Ed Yardeni turns more cautious

by Laura Ehrenberg-Chesler on November 14, 2018

in Commodities,Earnings,Economic Indicators,equity market,Fed policy,interest rates,politics

Ed Yardeni has been bullish for the better part of the most recent bull market. He recently turned more cautious due to the Federal Reserve raising rates, a slowing global economy, the China trade impasse, and domestic politics. From his research today:

“On balance, Trump’s policies have boosted economic growth and further tightened the labor market. As a result, Fed officials—who did a good job of prepping the financial markets for a gradual course of hikes in the federal funds rate, aiming for a “neutral” 3.00% level by the end of next year—have recently been chattering about even higher rates, i.e., turning restrictive. Consequently, the trade-weighted dollar has soared. The combination of higher US interest rates and a stronger dollar is suppressing US inflation while depressing commodity prices as well as the global economy, particularly emerging market economies. The situation is akin to driving a car with the left foot bearing down on the accelerator while the right foot taps the brakes, as we’ve noted frequently this year.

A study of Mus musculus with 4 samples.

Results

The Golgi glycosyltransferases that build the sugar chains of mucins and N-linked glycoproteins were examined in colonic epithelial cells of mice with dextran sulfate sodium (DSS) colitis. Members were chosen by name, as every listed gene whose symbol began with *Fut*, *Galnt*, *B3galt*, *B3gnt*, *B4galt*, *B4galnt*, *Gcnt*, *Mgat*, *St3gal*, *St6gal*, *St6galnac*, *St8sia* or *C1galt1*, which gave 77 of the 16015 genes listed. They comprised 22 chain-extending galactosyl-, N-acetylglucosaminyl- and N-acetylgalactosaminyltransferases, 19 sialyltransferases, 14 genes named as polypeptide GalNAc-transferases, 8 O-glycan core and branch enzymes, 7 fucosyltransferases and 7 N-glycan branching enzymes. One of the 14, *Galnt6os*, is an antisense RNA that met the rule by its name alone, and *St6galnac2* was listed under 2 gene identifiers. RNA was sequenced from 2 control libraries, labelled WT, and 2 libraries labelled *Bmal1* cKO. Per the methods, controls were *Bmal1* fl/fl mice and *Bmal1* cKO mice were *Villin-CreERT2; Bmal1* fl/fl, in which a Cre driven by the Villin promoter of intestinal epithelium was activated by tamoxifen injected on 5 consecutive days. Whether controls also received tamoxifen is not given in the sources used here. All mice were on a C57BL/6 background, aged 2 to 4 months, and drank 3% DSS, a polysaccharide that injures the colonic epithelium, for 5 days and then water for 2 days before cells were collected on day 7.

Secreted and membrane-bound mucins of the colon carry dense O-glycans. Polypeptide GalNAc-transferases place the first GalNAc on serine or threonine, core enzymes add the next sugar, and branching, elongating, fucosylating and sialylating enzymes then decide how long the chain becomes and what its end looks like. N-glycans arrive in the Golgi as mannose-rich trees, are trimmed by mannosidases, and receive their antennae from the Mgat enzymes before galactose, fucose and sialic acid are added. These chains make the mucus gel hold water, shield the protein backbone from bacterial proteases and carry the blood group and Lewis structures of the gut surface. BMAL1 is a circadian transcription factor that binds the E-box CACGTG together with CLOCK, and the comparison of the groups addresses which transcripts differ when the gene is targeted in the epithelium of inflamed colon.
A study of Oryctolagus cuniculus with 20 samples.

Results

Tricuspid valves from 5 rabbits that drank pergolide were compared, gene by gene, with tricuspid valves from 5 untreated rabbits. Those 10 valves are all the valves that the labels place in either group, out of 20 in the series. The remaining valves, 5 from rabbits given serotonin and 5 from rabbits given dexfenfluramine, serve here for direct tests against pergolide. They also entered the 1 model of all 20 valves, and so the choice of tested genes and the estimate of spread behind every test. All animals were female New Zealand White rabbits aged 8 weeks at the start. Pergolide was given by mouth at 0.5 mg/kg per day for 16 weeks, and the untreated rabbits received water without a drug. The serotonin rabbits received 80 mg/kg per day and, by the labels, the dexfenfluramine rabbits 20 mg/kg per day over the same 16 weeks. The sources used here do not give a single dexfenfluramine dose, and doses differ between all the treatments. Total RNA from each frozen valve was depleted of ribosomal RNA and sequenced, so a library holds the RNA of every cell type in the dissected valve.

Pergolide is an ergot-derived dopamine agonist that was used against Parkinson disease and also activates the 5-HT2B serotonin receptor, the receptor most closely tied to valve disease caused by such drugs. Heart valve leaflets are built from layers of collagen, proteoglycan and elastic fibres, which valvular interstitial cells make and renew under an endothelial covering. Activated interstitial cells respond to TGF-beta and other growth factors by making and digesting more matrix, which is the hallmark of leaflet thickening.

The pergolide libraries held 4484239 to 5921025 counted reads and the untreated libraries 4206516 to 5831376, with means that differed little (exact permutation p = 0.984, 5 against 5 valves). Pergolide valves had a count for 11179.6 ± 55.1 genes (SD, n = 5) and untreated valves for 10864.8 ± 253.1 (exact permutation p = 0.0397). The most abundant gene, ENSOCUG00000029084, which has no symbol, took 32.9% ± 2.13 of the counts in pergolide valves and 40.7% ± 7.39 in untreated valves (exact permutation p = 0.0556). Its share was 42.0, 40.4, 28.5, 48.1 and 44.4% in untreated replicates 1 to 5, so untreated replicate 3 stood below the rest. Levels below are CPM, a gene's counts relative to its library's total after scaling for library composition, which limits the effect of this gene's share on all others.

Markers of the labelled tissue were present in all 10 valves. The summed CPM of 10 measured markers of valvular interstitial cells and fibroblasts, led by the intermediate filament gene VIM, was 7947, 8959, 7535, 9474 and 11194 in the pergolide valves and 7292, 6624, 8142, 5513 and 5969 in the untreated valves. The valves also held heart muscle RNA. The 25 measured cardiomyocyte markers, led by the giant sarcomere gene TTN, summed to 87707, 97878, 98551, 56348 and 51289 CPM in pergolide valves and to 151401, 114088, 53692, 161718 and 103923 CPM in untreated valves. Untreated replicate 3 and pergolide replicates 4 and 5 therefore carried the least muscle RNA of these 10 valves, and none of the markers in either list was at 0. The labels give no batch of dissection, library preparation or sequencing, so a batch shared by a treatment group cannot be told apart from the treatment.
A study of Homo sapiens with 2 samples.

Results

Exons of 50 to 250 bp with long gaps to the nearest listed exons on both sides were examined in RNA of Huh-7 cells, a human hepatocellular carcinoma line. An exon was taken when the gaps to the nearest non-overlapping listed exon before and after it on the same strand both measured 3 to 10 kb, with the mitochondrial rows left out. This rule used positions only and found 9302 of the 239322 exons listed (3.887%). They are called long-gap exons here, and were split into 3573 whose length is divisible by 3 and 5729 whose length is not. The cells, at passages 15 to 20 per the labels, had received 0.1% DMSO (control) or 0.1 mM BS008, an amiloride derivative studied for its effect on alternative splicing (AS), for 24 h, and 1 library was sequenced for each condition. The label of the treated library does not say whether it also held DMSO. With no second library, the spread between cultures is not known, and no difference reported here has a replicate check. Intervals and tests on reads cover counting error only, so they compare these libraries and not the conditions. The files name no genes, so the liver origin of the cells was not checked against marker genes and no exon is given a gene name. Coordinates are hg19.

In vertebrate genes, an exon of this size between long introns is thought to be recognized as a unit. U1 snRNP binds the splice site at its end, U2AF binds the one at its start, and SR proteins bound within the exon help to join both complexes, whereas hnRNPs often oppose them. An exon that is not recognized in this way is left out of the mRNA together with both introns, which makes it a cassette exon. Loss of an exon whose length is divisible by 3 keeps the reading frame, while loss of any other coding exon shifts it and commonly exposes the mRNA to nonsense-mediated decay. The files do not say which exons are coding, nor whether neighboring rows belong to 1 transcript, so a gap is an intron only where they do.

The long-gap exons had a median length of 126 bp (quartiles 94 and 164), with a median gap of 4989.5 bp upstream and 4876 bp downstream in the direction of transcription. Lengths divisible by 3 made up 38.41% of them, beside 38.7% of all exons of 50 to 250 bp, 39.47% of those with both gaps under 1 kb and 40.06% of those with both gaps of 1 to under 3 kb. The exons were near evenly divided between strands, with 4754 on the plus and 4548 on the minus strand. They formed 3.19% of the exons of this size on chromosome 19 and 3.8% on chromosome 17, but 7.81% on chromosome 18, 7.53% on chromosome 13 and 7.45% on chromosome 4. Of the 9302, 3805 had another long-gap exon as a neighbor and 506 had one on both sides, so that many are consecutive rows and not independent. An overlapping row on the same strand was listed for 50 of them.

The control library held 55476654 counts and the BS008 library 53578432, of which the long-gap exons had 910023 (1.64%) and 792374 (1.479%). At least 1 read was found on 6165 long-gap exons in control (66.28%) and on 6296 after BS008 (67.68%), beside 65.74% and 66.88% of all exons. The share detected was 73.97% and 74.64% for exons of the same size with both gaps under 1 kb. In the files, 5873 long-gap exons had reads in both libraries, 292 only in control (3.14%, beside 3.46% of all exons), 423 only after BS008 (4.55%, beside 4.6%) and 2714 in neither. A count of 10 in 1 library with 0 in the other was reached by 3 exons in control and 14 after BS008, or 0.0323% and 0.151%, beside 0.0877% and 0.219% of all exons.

The outlook for 2019 is most likely for more volatility. That’s assuming that tensions between the US and China continue to mount, as discussed below. On the bullish side, the latest FOMC statement did hint faintly that a pause in the Fed’s quarterly rate hiking might be possible next year. Meanwhile, the global economy continues to weaken. In any event, the growth rates of both S&P 500 revenues and earnings will certainly be slower in 2019 than this year.

It’s widely believed that the stock market likes gridlock, which now is assured for the next two years given the mid-term election results. However, the country has been experiencing an escalating uncivil war between the Left and the Right. It will only get worse, as explained in the cover story of the latest Bloomberg BusinessWeek titled “Republicans Weaponized the House. Now, Democrats Will Use It Against Trump.” That may contribute to more stock market volatility next year.

Joe and I curbed our enthusiasm for the stock market’s upside in the 10/30 Morning Briefing. We lowered our outlook for earnings growth over the next two years, as we reviewed yesterday. At the end of last month, we also reduced our target for the S&P 500 from 3100 to 2900 for the end of this year and from 3500 to 3100 by year-end next year. We aren’t bearish because we expect that the US economy will continue to grow over the next two years. Furthermore, we remain open to the possibility that productivity will make a long-awaited comeback.”